I’ve been bouncing in the back of a pickup truck over a rocky rural road for the past hours with 12 members of an indigenous tribe in the mountains of central Mexico. Suddenly two pickup trucks bristling with passengers approach us at a fork in the road. While we stop and offload, a gathering group of 50 villagers from Cuesta Blanca unfurled a colorful banner welcoming the Rt. Rev. Ricardo Gomez Oznaya. Girls dressed in white with bright hair ribbons begin a traditional dance and beckon the crowd to follow them down the rough path decorated overhead by papier-mâché. The parade gathers strength as we continue through the village, horns honking, while men hike down the hillside corn fields for the festivities in this small, green valley.
Dancing continues as we file into our seats at the side of a decorated house while pigs and chickens forage nearby. After a Eucharist with some 120 participants—most of the village, I imagine—we feasted on handmade tamales, chicken mole, corn tortillas, and a cinnamon-spiced drink made of sunflower seeds.
The Anglican Church of Mexico is an independent church that belongs to the Anglican Communion, just like the Episcopal Church. Its five dioceses are geographically sprawling, as Mexico remains a predominantly Roman Catholic country. The Western Diocese includes all of Baja California and much of the western half of the mainland but has only 25 churches! In Tijuana a priest pastors Vida Joven, the foster home supported by many congregations and individuals in our diocese, and two house churches. In Mexicali another priest has recently retired and their church building is deteriorating—St. Philip’s, Lemon Grove recently raised funds to replace their leaking roof.
After 14 years, the Rt. Rev. Lino Rodriguez retired this fall and Bishop Elect Ricardo will be consecrated on April 13. Bishop Katharine and others in the diocese will attend.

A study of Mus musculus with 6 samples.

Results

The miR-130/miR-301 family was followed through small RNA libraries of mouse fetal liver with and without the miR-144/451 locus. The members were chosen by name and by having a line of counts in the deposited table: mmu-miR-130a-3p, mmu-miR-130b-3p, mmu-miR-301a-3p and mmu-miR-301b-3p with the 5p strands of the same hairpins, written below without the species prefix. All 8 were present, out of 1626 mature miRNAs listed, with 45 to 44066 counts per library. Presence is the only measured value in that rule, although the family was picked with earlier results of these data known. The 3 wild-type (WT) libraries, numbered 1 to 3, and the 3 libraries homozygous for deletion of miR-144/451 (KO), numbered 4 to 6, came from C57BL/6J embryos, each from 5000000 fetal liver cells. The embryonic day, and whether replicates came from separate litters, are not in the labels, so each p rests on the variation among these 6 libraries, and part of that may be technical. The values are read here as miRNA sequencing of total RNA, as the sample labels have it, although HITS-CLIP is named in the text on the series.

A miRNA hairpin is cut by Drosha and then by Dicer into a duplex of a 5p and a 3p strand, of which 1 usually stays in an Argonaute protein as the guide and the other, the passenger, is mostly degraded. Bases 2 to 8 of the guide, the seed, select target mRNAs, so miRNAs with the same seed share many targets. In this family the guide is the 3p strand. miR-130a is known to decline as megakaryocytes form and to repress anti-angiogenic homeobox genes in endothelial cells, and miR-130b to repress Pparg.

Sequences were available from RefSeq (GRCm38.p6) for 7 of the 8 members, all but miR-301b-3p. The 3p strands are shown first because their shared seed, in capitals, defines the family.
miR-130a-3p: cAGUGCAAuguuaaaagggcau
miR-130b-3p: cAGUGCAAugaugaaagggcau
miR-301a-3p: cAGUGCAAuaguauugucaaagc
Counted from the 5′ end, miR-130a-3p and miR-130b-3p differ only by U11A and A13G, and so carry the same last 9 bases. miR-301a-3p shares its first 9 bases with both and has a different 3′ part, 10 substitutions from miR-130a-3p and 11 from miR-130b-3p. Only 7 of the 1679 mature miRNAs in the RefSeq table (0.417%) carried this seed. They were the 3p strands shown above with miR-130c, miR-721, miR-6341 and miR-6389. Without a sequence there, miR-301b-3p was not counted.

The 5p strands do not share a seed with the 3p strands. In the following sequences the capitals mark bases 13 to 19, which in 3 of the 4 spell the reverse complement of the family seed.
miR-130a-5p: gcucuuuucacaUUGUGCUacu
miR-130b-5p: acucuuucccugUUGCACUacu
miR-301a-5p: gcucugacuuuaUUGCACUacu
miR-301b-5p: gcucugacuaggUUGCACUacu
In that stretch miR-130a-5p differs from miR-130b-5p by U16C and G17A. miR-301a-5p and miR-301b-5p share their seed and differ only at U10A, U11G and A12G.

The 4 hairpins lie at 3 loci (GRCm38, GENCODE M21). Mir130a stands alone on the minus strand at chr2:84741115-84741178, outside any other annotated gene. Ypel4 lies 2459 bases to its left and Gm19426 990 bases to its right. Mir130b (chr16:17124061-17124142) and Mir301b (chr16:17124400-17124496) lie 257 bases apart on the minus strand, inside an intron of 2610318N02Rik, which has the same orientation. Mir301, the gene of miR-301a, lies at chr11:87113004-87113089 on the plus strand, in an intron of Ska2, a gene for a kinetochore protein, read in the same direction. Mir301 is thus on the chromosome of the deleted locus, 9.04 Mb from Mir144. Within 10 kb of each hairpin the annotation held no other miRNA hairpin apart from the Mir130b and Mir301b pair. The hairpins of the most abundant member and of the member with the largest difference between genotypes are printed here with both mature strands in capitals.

Our diocese has much to give and gain from this emerging partnership. We soon will review their Spanish language Christian formation and vacation Bible school curricula for use in our Latino ministry settings. And given that none of the clergy receive stipends for their work, the Diocese of Western Mexico offers us a glimpse of new, more nimble forms of church for the 21st century—especially among the poor.
Our diocese is just beginning to form the team that will help us live more deeply into this emerging partnership. If you are interested in helping with this exciting work, please contact the Rev. Carlos Garcia, our new, part-time multicultural missioner, email@example.com. And consider donating to the indigenous pharmacy project: edsd.org/mexico. Vestments and sacristy linens are also needed. +
For just $600 a month, our diocese can help two priests and three seminarians meet their basic ministry needs. For $5,000 we can outfit a pharmacy in this rural indigenous area to create an income-generating project that saves locals an expensive taxi ride to the nearest town and its pricey pharmacy. Your support will complement the chapel—construction already underway made possible by the United Thank Offering grant provided by the wider Episcopal Church. Learn more: edsd.org/mexico.
This article first appeared in the Spring issue of our Diocesan Messenger.